Montana Records Details and Resources


Federal census records for Montana begin in 1870, though early residents of the area may be listed in Washington or Nebraska. A list of early settlers, mostly miners, is in “List of Early Settlers: A List of All Persons (Except Indians) Who Were in What is Now Montana During the Winter of 1862-1863,” in Contributions to the Historical Society of Montana, vol. 1 (Rocky Mountain Publishing Co., 1902).

Vital records for Montana are not as complete as researchers would like. Births and deaths were not recorded until 1895. Statewide registration began only in 1907, and it was 1932 before 90 percent of births were being reported. Death records fared a little better, with reporting more than 90 percent complete by 1915.


Probate records were kept by probate courts for the years 1864 to 1889. These courts handled marriages, minor civil and criminal matters, adoptions and probate. Once they were disbanded, their functions and records were transferred to district courts. District courts now serve as the major trial courts; each covers cases from one to seven counties, with court sessions held in each county and most records dating to the year the county was founded.

During the 1880 census, those who lived in the area that was set aside in 1872 as Yellowstone National Park were recorded in Wyoming. Another early census you’ll want to check is the 1864 Montana poll list, which lists eligible voters residing in the area.

The Montana Historical Society, 225 N. Roberts in Helena, has been amassing records since 1969. Records include governors’ papers, prison and institution records, church and military records, territorial censuses, poll lists, and manuscripts. The society has compiled indexes by subject, name and place to aid researchers in using the records. You can search the society’s catalog online, and many of the records can also be found in the National Union Catalog of Manuscript Collections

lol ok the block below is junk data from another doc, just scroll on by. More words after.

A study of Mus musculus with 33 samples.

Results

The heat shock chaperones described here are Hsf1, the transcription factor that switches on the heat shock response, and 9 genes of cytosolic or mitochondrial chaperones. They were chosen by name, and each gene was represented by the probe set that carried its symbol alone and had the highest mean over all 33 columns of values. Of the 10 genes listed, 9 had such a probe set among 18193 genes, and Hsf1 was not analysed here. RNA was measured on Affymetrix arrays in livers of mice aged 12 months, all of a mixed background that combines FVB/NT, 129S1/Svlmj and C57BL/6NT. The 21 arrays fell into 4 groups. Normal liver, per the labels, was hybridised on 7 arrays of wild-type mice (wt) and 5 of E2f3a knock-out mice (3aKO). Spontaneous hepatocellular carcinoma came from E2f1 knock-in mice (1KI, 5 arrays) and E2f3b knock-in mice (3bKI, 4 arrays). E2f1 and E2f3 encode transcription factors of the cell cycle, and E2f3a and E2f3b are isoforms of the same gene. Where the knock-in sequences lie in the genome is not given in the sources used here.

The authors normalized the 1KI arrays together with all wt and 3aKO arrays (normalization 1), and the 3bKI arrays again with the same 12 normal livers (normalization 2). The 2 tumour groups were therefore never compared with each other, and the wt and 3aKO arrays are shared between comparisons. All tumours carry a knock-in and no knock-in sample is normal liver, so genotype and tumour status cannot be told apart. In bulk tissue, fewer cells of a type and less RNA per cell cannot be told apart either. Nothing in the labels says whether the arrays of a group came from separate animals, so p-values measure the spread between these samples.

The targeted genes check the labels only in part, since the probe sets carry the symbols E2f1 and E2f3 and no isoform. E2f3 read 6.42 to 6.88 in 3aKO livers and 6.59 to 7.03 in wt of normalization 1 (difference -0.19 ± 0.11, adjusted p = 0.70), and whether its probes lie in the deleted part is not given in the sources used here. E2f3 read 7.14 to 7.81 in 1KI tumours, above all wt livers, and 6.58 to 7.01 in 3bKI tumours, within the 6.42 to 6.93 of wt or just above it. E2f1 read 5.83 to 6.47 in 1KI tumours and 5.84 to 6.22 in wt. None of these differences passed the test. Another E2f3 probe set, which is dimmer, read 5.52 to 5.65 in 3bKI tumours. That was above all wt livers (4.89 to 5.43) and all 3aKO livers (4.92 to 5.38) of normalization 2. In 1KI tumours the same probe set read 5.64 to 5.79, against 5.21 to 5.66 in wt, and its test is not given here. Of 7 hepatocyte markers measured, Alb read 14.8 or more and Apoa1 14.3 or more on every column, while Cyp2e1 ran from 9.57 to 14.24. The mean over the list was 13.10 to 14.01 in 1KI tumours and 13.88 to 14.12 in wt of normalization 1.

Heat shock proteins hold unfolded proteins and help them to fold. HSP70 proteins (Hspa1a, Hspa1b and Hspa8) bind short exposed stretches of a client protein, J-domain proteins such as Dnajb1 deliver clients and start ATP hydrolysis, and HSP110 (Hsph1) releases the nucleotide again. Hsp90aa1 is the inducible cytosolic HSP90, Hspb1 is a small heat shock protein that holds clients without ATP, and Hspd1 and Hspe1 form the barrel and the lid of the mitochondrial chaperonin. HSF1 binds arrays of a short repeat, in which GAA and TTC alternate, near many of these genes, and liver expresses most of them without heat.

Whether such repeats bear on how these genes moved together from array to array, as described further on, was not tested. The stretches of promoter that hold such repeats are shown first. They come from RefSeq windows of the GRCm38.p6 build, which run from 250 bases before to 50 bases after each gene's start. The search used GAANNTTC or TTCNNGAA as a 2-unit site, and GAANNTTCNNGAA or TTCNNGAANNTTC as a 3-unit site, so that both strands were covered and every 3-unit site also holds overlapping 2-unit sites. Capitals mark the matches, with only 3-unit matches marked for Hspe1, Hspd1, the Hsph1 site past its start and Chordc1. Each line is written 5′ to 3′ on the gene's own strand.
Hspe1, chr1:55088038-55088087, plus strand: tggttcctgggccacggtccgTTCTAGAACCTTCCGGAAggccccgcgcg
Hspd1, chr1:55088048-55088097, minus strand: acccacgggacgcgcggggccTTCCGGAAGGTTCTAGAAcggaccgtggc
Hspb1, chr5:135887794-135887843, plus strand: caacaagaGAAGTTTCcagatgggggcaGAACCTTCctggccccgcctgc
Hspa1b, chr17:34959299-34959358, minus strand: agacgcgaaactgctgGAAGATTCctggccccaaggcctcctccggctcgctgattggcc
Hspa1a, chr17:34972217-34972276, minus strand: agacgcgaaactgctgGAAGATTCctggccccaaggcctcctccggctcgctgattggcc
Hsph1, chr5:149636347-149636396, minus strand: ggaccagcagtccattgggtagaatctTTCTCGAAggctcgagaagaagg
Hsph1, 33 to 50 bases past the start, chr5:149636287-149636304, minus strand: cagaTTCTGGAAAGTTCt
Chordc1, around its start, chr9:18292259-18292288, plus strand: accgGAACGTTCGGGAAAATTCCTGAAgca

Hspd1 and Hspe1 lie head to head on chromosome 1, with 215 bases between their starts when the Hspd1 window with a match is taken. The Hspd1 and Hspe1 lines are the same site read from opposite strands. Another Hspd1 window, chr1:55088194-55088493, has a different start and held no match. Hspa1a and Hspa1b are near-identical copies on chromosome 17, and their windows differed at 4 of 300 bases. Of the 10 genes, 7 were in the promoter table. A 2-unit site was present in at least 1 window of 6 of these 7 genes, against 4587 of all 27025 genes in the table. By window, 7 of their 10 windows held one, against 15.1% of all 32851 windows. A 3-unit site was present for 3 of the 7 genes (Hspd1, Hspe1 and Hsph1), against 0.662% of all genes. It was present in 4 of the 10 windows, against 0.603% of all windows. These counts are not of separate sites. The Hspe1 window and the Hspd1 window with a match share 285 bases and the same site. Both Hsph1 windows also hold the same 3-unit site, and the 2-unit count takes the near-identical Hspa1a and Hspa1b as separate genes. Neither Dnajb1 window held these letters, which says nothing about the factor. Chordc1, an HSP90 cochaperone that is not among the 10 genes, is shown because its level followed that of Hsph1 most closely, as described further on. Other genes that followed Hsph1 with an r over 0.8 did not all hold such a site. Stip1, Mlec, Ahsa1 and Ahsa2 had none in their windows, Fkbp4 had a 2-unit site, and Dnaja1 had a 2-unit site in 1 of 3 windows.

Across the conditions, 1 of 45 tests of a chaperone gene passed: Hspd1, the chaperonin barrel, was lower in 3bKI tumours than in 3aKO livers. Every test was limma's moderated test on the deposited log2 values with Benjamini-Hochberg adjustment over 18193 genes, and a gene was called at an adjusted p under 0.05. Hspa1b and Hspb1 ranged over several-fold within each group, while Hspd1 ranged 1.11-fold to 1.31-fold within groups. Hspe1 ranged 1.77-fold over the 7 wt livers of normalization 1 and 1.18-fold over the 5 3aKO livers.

• Declaration of Intent, 1891-1929; Petition for Naturalization, 1891-1929; Citizenship Records, 1894-1906; Certificates, 1907-1927 by the US District Court, Montana Southern District (filmed by the Genealogical Society of Utah, 1988)
  • Indexes to Naturalization Records of the Montana Territorial and Federal Courts, 1868-1929 by the US Immigration and Naturalization Service (National Archives, 1987)
  • Swedish Immigrants Living in Montana, 1900 by Diane Fuhrman (D. Fuhrman, 1989)


  • After Barbed Wire: A Pictorial History of the Homestead Rush Into the Northern Great Plains, 1900-1919 by Marie Peterson MacDonald (Frontier Gateway Museum, 1983)


  • Atlas of the Pacific Northwest edited by Richard M. Highsmith and A. Jon Kimerling (University of Oregon Press, 1979)
  • Catalog of the Map Collection (Montana Historical Society, 1983)
  • Military Posts in Montana by Michael J. Koury (Old Army Press, 1970)


  • Men With Custer: Biographies of the 7th Cavalry, 25 June, 1876 by Kenneth Hammer (Old Army Press, 1972)
  • Montana, World War I Selective Service System Draft Registration Cards (1917-1918) by the US Selective Service System (National Archives, 1987-1988)
  • Roll Call on the Little Big Horn, 28 June 1876 compiled by John M. Carroll and Byron Price (Old Army Press, 1974)


  • Cemetery Inscriptions and Church Records From Hingham, Rudyard, Inverness, Whitlash, Lothair, Joplin, and Chester, Montana compiled by Una Moog (Broken Mountains Genealogical Society, 1986)
  • Cemetery Records of Montana copied by members of the L.D.S. Church (1947-1961)
  • Inventory of the Vital Statistics Records of Church and Religious Organizations in Montana, 1942 (Montana Historical Records Survey, 1942)
  • Montana Cemetery Records prepared by the Lewistown Genealogy Society (filmed by the Genealogical Society of Utah, 1982)

Also available: the State Research Guide Book, State Research Guides CD and The Researcher’s Guide to American Genealogy.